EERC Update

Biomass '07: Power, Fuels and Chemicals Workshop Surpasses All Expectations
By Chris J. Zygarlicke
Interest, especially in the Plains states, is at an all-time high in utilizing biomass as a feedstock to supplant a portion of current U.S. energy needs. Farmlands throughout the Dakotas can grow soybeans, canola, switchgrass or varieties of prairie grasses. Large biodiesel and ethanol plants are being erected, rural economies are close to booming in some areas, and communities are eager to learn how to better utilize these renewable domestic biomass feedstocks.

These topics and many more were discussed during the Biomass '07: Power, Fuels and Chemicals Workshop, held in Grand Forks, N.D, May 15 and 16. The Energy & Environmental Research Center (EERC) first hosted the workshop in 2002, with 80 participants and a focus on deriving heat and electricity from biomass. This year's event surpassed all expectations by attracting more than 400 registrants and 30 exhibitors. Attendees represented more than 230 organizations, three foreign countries and 28 states. It was a wonderful team effort with sponsorships from the North Dakota Department of Commerce's Division of Community Services, the U.S. Department of Energy (DOE), and signature sponsor BBI International.

As one of the conference attendees said, "The Biomass '07 Workshop is a great compilation of the current status and future challenges of the renewable fuel and biomass utilization industry. It is a great assembly of information helping our industry stay focused on the tasks at hand to meet the world's expectations on an accelerated timetable."

U.S. Sen. Byron Dorgan, D-N.D., who addressed the crowd by video from Washington, D.C., emphasized the essential importance of utilizing biomass in the U.S. energy portfolio, including the transportation and electricity sectors. In 1999, Dorgan was instrumental in helping to establish initial seed funding that was leveraged through joint ventures with industry within what are now the Centers for Renewable Energy and Biomass Utilization at the EERC. Following Dorgan, EERC Director Gerald Groenewold focused on the future of biofuels, specifically integrating them into the existing energy mix.

The Biomass '07 technical session featured outstanding presenters from around the nation. Many are covered extensively in this issue of Biomass Magazine, but I want to highlight a few of the presentations for your interest.

Betsy Engelking, manager of resource planning at Xcel Energy, provided an excellent industry perspective on the electricity side of biomass utilization. Xcel Energy has a goal of 25 percent renewable energy generation within 20 years. The company has 25 megawatts of wood residue biomass heat and power at the District Energy St. Paul plant in St. Paul, Minn., plus another 55 megawatts of poultry litter-derived biomass electricity from the Fibrominn LLC plant near Benson, Minn.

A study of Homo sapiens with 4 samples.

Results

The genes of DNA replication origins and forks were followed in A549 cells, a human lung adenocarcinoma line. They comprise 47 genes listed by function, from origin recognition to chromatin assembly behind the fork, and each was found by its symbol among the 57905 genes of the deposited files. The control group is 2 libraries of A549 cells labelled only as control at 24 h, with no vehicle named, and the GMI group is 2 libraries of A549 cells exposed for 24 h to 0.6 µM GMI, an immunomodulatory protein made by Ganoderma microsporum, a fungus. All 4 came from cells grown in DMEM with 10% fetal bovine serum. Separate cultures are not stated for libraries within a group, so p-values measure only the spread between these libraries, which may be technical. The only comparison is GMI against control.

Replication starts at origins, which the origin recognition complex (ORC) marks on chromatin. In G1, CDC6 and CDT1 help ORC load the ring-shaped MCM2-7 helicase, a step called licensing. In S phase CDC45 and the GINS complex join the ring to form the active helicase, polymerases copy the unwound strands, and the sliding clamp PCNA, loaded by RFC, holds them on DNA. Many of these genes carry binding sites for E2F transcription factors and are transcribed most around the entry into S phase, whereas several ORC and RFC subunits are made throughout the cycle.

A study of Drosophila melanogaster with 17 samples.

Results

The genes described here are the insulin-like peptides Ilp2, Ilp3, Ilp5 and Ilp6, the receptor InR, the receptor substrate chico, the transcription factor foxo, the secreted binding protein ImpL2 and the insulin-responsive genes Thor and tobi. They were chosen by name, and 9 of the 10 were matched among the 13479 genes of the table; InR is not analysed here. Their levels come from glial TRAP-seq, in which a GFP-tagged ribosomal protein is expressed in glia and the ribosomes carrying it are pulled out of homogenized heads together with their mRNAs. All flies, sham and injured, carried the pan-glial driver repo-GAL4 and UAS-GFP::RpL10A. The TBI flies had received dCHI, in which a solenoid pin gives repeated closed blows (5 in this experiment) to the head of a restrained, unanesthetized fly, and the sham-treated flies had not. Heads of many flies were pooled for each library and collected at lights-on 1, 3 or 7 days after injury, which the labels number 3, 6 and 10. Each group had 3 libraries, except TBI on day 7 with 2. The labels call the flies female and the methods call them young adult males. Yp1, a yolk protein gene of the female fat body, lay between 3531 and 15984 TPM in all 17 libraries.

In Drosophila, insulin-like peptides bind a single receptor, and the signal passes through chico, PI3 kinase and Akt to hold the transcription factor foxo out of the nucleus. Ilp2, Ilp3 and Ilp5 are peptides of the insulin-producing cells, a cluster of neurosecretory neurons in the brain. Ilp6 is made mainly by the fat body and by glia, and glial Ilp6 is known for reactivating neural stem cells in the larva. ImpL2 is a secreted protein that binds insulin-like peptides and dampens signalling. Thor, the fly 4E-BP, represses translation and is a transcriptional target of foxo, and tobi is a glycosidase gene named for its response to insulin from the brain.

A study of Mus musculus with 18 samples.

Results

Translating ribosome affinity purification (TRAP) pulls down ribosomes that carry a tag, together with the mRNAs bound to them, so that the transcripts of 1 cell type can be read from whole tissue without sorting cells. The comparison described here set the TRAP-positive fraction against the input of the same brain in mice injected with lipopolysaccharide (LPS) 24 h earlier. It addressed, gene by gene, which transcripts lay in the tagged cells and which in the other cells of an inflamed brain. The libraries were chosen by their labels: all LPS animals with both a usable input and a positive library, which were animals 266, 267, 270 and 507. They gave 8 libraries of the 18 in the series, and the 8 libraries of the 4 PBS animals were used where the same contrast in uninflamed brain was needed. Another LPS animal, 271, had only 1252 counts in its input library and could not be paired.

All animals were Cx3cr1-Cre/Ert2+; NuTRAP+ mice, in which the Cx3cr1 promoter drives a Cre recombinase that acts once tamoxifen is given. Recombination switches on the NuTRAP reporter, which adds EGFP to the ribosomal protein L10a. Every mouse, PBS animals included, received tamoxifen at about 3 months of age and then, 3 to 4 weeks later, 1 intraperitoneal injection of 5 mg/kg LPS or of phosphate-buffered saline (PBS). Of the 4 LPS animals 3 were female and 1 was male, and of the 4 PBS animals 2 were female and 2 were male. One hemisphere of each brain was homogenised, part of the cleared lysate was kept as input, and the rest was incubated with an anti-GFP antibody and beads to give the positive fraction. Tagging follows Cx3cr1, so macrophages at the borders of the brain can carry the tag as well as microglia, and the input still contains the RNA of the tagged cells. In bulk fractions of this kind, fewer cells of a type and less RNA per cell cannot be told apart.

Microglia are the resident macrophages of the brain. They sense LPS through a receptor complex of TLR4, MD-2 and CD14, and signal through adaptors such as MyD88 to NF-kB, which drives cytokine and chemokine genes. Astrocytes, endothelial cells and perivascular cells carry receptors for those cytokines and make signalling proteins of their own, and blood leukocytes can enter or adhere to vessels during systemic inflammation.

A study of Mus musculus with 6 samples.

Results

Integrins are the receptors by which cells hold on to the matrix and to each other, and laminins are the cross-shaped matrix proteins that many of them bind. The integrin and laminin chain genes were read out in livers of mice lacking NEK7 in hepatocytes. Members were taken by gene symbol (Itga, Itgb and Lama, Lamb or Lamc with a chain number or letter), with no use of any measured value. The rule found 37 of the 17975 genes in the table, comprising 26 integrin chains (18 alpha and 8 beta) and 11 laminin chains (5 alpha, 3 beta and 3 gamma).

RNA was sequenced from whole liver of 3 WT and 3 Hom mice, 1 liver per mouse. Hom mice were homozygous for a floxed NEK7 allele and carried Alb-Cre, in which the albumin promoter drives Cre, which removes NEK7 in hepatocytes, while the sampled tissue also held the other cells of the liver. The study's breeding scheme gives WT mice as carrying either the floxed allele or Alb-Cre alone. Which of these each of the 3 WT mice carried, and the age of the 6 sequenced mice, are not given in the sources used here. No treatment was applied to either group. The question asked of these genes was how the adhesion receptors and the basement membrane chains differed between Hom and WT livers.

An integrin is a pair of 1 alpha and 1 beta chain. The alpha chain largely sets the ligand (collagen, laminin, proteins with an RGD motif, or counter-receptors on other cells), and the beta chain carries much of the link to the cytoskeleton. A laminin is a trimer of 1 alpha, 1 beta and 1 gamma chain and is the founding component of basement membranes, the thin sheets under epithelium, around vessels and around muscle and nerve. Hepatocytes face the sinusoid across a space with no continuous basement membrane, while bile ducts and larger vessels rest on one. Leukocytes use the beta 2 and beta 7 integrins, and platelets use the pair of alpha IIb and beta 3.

From the agricultural perspective, Kevin Kephart, vice president for research and dean of the graduate school at South Dakota State University, focused on energy crops such as switchgrass. Kephart provided a thorough explanation of how native prairie grasses, such as big blue stem, are actually hardier in a broader array of climatic conditions and are less prone to disease than monocultures such as switchgrass.

Finally, Gerson Santos-Leon, director of research and development at Abengoa Bioenergy in Chesterfield, Mo., described Abengoa's $80 million award from the DOE, which was matched with about $200 million in private investment, to build and demonstrate a small commercial-scale cellulosic ethanol plant in Kansas.

The workshop provided an excellent opportunity for networking and an even greater vision of biomass technologies that are no longer a dream, but a reality. Thank you again to all of the Biomass '07 presenters, exhibitors and attendees who share this goal of biomass utilization.

We excitedly look forward to the Biomass '08 Technical Workshop to be held in July 2008 in Grand Forks, and we are truly excited to work with BBI in the premiere of our International Biomass Conference and Trade Show to be held in Minneapolis in April 2008. The future of biomass is now. I hope to see you there.

Chris J. Zygarlicke is deputy associate director for research at the EERC in Grand Forks, N.D. He can be reached at or (701) 777-5123.